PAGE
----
Hamish Macdonald is an award winning International Affairs Correspondent for American network ABC News based in London.
Prior to joining ABC News in January 2014, Hamish worked at Australia’s Ten Network, where he was both anchor of the Late News and executive producer of the primetime program The Truth Is. He also served as the network’s Senior Foreign Correspondent.
Hamish’s reporting has taken him all over the world to cover some of the most notable international stories including the uprisings in Egypt, the devastating tsunami in Japan, the ongoing fighting in Afghanistan and the turmoil in Libya during the Arab Spring.
He has interviewed some of the world’s most prominent figures from Nobel Peace Prize winner Aung San SuuKyi to Jemaah Islamiyah’s Abu Bakar Bashir, the leader of the Southeast Asian Islamist group.
Completing his Bachelor of Arts (Communication - Journalism) degree in 2001, Hamish has been recognised with numerous awards including the prestigious Walkley Award for Current Affairs Journalism and a Human Rights Australia Award for Broadcast Journalism. He Hamish was named ‘Young Journalist of the Year’ by the British Royal Television Society in 2008 and GQ Magazine named him their ‘Media Man of the Year’ in 2012.
Hamish has strong ties to CSU and is one of three siblings to attend the Bathurst Campus and complete a Communications degree along with sisters Kari and Catherine.
Here Hamish shares with us the pride he takes in watching his CSU mates achieve and why he’s pleased he didn’t listen to one of his uni lecturers!
My childhood was idyllic... We didn’t lock our front door. We knew all the neighbours. And our parents gave us heaps of freedom. I grew up in the Snowy Mountains. We spent winters on the ski slopes and summers in the lake.
As a child, I was most curious about... the outside world. I always had a fascination with what lay beyond our tiny, isolated community in the mountains.
I chose CSU... because my older sister went there and said it was great. And because most journalists I met recommended CSU. It offered the best journalism course in Australia back then. Still does today.
My best experience at CSU... was working in the Radio Newsroom at 2MCE and doing National Radio News. We learnt how to make real radio news programs and to have (probably too much) fun doing it!
My worst experience at CSU... was being told by one lecturer that I probably didn’t have a future in broadcast journalism. My voice was terrible, I was incredibly nervous and it showed. He recommended I try print journalism instead. Thankfully I didn’t listen.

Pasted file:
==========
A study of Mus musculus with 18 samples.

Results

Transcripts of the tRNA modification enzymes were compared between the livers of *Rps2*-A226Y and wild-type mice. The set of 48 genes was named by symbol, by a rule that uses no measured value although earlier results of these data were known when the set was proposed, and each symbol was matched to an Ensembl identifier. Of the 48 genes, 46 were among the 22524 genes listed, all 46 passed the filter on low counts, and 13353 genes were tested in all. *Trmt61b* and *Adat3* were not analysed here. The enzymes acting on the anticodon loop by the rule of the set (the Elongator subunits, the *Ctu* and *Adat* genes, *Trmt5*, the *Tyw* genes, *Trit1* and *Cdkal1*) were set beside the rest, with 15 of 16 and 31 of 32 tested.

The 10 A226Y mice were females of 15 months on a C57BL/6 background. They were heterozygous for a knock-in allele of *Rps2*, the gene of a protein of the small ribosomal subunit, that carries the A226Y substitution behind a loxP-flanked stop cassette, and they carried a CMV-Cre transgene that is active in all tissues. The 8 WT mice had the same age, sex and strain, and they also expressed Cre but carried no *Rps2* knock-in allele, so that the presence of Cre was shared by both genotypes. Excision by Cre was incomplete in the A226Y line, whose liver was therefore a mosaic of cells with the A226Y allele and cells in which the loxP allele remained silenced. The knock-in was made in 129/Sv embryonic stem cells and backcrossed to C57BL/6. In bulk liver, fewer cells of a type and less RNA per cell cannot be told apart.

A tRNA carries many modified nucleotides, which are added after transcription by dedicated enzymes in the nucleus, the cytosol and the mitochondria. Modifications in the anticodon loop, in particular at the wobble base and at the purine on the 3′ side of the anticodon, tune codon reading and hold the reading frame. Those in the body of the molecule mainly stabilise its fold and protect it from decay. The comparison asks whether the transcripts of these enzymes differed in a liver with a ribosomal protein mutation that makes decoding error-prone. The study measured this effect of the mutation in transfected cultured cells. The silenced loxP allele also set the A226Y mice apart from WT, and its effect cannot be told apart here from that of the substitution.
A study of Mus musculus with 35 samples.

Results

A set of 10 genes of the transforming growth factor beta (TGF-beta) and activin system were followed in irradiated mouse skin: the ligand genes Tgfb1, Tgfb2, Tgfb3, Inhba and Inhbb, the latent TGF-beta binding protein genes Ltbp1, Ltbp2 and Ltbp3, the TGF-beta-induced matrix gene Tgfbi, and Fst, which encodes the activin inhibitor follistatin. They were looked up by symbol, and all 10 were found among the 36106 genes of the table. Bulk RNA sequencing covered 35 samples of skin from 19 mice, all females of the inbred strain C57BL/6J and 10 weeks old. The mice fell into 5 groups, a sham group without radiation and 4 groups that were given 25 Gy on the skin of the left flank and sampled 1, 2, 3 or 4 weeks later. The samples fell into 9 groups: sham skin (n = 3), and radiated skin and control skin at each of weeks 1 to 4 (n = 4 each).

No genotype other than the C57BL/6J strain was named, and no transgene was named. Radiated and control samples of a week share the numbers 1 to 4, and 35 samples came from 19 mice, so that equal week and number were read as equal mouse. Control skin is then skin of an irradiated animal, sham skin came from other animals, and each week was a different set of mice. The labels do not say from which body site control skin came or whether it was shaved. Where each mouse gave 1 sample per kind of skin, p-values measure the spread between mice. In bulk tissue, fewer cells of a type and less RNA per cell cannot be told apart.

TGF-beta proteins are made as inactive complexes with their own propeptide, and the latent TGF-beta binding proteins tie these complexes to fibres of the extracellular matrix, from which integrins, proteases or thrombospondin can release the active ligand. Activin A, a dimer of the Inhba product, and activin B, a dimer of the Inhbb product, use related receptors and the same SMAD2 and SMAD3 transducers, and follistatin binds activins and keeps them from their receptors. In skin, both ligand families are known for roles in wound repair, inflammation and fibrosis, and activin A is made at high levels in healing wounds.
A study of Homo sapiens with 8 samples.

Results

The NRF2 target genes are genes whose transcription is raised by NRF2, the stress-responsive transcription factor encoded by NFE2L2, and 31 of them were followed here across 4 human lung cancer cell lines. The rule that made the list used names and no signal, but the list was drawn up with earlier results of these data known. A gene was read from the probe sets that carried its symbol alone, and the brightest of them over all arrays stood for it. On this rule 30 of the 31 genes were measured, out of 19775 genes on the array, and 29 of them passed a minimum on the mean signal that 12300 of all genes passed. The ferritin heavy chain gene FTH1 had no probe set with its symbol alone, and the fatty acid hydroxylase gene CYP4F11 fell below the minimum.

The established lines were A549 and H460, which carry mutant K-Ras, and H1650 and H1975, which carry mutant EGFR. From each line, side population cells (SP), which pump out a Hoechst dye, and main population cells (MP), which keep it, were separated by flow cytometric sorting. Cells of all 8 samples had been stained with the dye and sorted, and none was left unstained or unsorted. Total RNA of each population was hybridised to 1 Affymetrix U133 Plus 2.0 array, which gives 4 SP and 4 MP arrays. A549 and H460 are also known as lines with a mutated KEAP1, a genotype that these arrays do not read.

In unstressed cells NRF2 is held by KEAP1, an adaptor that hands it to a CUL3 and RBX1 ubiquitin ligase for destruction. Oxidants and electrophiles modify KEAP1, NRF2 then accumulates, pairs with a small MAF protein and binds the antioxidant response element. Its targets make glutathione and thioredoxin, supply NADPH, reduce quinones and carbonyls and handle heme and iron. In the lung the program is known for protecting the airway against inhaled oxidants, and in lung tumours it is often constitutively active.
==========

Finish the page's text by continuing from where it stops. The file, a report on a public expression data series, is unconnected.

At university I was inspired by my fellow students... I remember being in awe of the people I was studying alongside. They all seemed so smart, creative and dynamic – how could I ever compete!? I built my closest friendships while studying at CSU and we are still an incredibly tight-knit bunch. One of my favourite things is to be on a big global news story and to bump into someone I went to uni with who is covering the story for another network. I’m so proud of what my CSU friends have achieved. They still inspire and challenge me to this day.
Today I’m motivated by... a desire to make big, complicated global news stories relevant and engaging to my own generation.
In my profession it is important to care. Care about the story. Care about the people you meet along the way. And care about the people you are broadcasting to. This profession can wear you down, but it isn’t worth doing if you don’t care.
I never dreamed I would... do the job I do today and to get a front-row seat watching the world’s biggest news stories unfold.
The biggest influence in my life is my family. Mum and Dad have always encouraged me, even when they probably knew better. My siblings and my beautiful nieces and nephews always welcome me home from long and difficult trips.
In the future I’d like to... continue shaping the way we deliver and consume news. It has changed so much in my short career. We didn’t even have email addresses when I first started, let alone Twitter. It has been so exciting to be participating in shaping the way big news organisations use social media and engage with audiences in an entirely different way.
The best piece of advice I ever received...is to keep a diary of my world travels. And I wish I took that advice. I regret not keeping a personal record of this tumultuous period in world history.
The single-most important issue in the world... is peace. We don’t talk about peace much these days. There are wars everywhere I look. It seems ‘peace’ is such a distant concept, but it is the one thing we all want for our families.
The thing I wish I had done but never got around to... is going back to uni. I will get there. Eventually.
If I could do it all again... I wouldn’t do it differently. But maybe I’d work a little harder when I was studying in Bathurst!
One last thing... Remember to be honest and decent. No success is worth anything if you sacrifice your values along the way.